Elderly 'are being denied vital surgery just because they are old'
"Age discrimination is illegal and against the principles of the NHS. Treatment should be based on need, not age"
Elderly patients are being denied life-saving treatment purely because of their age, a report by leading surgeons reveals today.
The study shows a shocking decline in surgical treatments offered to patients over 70 despite the fact they are for conditions that are more prevalent in the elderly.
While a £20bn NHS efficiency drive puts older patients at a "heightened risk" of discrimination, the Royal College of Surgeons (RCS) report states that doctors should look at a patient's overall health rather than using an arbitrary age cut-off.
With more people living longer, clinicians have a "moral duty" to care properly for older patients, according to the RCS, while new legislation makes it illegal to discriminate on the grounds of age.
The research by RCS, Age UK and MHP Health Mandate, found that surgery rates decline sharply in older people, particularly after 70, for a number of treatments, including for breast cancer, joint replacements, prostate cancer and hernias.
Michelle Mitchell, charity director general of Age UK, said: "A healthy living 80-year-old could run rings round someone many years younger who does not share the same good health.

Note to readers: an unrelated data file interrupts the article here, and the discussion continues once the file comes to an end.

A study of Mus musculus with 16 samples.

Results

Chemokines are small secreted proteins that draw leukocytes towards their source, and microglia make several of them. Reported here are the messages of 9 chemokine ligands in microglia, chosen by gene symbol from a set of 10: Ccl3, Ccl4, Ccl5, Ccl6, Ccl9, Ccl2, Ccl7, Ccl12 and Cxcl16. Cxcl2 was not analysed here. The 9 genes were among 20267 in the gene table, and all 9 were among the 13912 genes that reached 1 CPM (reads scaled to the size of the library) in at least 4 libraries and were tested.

"Yet, in the past, too many medical decisions, we believe, have been made on age alone, with informal cut-offs imposed so that people over a certain age were denied treatment."
The authors of the report said there were a number of possible explanations as to why older people were not getting life-saving treatment.
These include clinical factors that mean the risks outweigh the benefits and a cost efficiency drive, which means healthcare workers balance the cost of treatment against the life expectancy of the patient.
Mike Farrar, the NHS Confederation chief executive, said the report presented "worrying figures".
"Age discrimination is not only illegal but goes against all the principles and values of the NHS," he said. "Access to NHS services should always be based first and foremost on clinical need, not on age. We know that prejudicial attitudes against older people still pervade through society, but the NHS and its staff should close the door to such unacceptable behaviour."